Let's see how we can create this authentic looking piece of distressed Type. So I'm just going to break this down for you first of all. We have a texture, on top of the texture, we have a TYPE layer, but the TYPE layer has got some stuff going on with it as you can see over here. It's a smart object and it's had a filter applied to it. And that is the Gaussian Blur filter. But before we get to that, let's look at this. We have the texture applied as a layer Mask to the Type. That's essential.
And then if I turn off the Smart Filters, we can see that what that's doing is it's blurring the edges of the Type. And I think you often see this technique applied without this additional detail. And that let's it down because while this looks good, the way is at the moment, it doesn't look particularly plausible because the edges of the Type are too sharp. We don't want to blur the whole Type because we want the Type to remain live and editable. So we convert it to a smart object, and then we can just blur it just the edges.
So I have a filter mask on the Smart Filter layer which is just blurring the edges of the Type. And in addition to that, I have a copy of the texture itself in a group and the blending mode that is set to Soft Light. This top layer is an optional extra, but I think it helps. So let's now switch to the starting point. And you may be tempted to say, well, that's an awful lot of work. Why don't we just make the Type Multiply? Well, you could, but it's not going to look very convincing.
So that's why we're not going to make it Multiply because it's not really going to work very well. Here's what we are going to do. Let's turn off the TYPE layer, come to the Background, switch to CHANNELS, Command+Click or Ctrl+Click on the RGB channel to load the Luminosity channel or the gray values for that layer. So I'm now going to turn my TYPE layer back on, and then I'm going to come and click on Add layer Mask. Now at the moment, that has subdued the Type too much.
And that's because we have too many gray values in there. I could use my Levels to work on this layer Mask. I just press Command+L or Ctrl+L to go to my Levels. But actually I'm going to use a heavier handed approach in this case which I think is going to work even better. So making sure that I'm clicked on to the layer Mask, I'm going to come to my Image menu, Adjustments, and to Threshold. Now Threshold is going to make that layer Mask all black or all white pixels.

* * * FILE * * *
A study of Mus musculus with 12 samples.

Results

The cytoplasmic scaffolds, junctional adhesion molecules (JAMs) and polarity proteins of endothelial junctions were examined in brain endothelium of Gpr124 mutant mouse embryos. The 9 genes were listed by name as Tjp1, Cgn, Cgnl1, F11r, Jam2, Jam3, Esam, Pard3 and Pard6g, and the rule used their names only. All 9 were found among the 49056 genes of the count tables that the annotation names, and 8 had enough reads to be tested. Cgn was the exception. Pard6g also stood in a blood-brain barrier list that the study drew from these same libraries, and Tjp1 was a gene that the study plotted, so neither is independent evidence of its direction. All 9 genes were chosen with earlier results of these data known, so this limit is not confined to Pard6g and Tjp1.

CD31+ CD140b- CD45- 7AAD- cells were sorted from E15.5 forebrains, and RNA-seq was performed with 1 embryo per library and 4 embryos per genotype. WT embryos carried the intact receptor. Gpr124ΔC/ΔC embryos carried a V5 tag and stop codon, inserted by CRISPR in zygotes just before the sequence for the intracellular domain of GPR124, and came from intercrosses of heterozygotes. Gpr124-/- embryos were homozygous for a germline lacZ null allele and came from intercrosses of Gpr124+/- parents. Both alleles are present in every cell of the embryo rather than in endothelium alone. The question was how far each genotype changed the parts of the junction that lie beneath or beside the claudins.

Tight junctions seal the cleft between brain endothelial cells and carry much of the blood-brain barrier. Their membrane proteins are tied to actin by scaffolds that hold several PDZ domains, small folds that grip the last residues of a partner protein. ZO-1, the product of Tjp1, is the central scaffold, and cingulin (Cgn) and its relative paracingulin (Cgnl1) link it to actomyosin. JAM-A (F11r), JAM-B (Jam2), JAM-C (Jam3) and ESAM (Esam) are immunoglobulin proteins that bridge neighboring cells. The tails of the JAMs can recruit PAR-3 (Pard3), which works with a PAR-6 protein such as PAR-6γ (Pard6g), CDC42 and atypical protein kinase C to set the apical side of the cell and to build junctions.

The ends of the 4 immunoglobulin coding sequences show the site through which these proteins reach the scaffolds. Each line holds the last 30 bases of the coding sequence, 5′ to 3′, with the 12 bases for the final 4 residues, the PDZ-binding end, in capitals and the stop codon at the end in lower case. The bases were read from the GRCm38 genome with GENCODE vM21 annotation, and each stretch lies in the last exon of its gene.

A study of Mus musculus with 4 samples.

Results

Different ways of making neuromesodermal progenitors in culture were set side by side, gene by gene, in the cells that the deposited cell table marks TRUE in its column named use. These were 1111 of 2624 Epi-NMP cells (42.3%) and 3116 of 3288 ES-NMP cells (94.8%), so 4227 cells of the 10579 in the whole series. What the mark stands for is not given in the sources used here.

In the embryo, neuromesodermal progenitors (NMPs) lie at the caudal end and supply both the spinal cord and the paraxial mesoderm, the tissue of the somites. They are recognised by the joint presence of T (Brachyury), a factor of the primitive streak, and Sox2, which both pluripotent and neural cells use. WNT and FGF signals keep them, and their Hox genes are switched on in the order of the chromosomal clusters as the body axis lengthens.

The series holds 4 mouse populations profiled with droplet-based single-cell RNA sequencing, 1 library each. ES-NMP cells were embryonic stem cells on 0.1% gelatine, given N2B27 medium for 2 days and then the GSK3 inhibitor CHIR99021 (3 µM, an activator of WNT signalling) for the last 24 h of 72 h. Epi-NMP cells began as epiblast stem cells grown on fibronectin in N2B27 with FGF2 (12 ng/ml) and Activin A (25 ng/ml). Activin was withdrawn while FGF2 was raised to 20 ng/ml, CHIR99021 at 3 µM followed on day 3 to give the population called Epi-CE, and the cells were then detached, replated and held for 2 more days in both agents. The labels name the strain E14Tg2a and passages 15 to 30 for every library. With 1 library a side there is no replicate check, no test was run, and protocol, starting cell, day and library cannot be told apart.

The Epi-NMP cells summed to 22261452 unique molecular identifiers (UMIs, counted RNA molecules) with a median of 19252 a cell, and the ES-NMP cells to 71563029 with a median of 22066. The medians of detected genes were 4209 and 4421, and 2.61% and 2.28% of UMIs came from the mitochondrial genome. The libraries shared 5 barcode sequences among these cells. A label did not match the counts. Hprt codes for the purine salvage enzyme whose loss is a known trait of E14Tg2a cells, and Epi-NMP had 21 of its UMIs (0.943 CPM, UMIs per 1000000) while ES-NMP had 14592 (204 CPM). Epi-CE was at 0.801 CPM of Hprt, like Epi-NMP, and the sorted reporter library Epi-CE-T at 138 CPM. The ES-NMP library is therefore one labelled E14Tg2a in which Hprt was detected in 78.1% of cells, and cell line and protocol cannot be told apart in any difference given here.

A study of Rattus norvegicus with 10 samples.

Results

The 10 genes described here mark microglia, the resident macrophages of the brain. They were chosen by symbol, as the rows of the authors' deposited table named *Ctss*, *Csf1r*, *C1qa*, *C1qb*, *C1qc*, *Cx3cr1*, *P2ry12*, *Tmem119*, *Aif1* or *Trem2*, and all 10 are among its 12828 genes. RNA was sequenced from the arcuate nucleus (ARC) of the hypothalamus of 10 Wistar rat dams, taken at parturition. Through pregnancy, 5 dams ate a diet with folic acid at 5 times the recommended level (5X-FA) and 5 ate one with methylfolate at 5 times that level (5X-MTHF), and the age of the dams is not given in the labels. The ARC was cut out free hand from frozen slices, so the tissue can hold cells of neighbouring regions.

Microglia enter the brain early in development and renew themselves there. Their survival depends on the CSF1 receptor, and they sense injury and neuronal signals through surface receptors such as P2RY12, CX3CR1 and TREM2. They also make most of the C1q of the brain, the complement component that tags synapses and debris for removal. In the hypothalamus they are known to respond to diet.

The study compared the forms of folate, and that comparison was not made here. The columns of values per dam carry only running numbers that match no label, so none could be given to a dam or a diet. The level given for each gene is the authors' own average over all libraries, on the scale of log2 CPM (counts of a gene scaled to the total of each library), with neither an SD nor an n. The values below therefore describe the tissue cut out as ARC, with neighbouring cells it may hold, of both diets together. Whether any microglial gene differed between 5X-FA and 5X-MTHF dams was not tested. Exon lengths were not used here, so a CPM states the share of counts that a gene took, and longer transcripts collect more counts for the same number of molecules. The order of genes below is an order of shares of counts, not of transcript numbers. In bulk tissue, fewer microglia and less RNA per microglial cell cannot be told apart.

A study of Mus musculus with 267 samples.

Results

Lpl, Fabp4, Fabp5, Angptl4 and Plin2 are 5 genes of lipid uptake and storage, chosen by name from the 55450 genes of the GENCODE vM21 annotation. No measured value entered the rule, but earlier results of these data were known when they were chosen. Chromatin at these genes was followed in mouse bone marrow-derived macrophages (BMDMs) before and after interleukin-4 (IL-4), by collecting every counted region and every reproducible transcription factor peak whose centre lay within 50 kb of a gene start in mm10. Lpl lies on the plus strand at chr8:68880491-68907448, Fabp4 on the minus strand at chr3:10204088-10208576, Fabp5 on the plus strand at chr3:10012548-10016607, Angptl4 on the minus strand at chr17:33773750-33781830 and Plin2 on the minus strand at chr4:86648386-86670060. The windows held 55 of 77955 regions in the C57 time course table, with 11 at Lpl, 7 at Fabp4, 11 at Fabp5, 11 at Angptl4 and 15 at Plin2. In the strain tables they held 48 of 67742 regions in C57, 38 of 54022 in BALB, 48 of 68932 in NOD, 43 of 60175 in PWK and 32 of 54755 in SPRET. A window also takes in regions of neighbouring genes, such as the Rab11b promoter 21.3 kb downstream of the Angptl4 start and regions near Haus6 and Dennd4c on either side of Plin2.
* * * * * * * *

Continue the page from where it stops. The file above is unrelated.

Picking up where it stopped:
And if I move this way, we're going to get more black; this way, and this is the way we want to go, we're going to get more white. So depending on just how distressed you want your Type to be, you can move your Threshold slider one way or the other. So when I click OK, if we now go and have a look at that layer Mask, you'll see that all of those pixels are either black or white. Okay. Now let's move on to blurring the edges of the Type.
First of all, what I need to do is I need to load the selection of the Type. So I'm going to Command+Click on the TYPE layer. It's already been converted to a smart object so that we can apply Smart Filters. But if you're working with Type that you haven't yet done that to, you can do it right there under the Filter menu. So next what I want to do is modify this selection, so I'm going to come to the Select menu and choose Modify, and then I'm going to choose Border.
Now how big you want your border to be is going to depend upon the resolution of your image. But I'm going to use a 20-pixel border. And that's going to give me a selection that looks like that. So my selection is growing by 10 pixels inside and 10 pixels outside my letter forms. With my selection active, I'm now going to come to the Filter menu and down to Blur and choose Gaussian Blur. And I'm going to blur it by, let's just do a little bit more than that, let's go to 5 pixels say.
So the effect is subtle, but I think very effective. If I turn off my Smart Filters, there are the sharp edges and I'm going to zoom in so that we might be able to see that a little bit better. Okay, so I'm at a very large view size now which is why it looks pixelated. But at 100%, this looks just great. If I turn off that Smart Filter layer, we can see we have sharp edges to the Type. Turn it on and that's going to blur those edges. As a final finishing touch, I selected the texture, I copied it Command+J or Ctrl+J. I dragged it up above and I set its Blending mode to Soft Light.
Now I could also perhaps make that grayscale and I had done that in the finished version, but actually I think I like it just fine the way it is with this layer still in color. But I could perhaps reduce the Opacity of it just to tone it down a bit. So there are two things that really make this work well. And that is the layer Mask with a Threshold adjustment on that layer Mask applied to the Type, and then some blurring to the edges of the Type.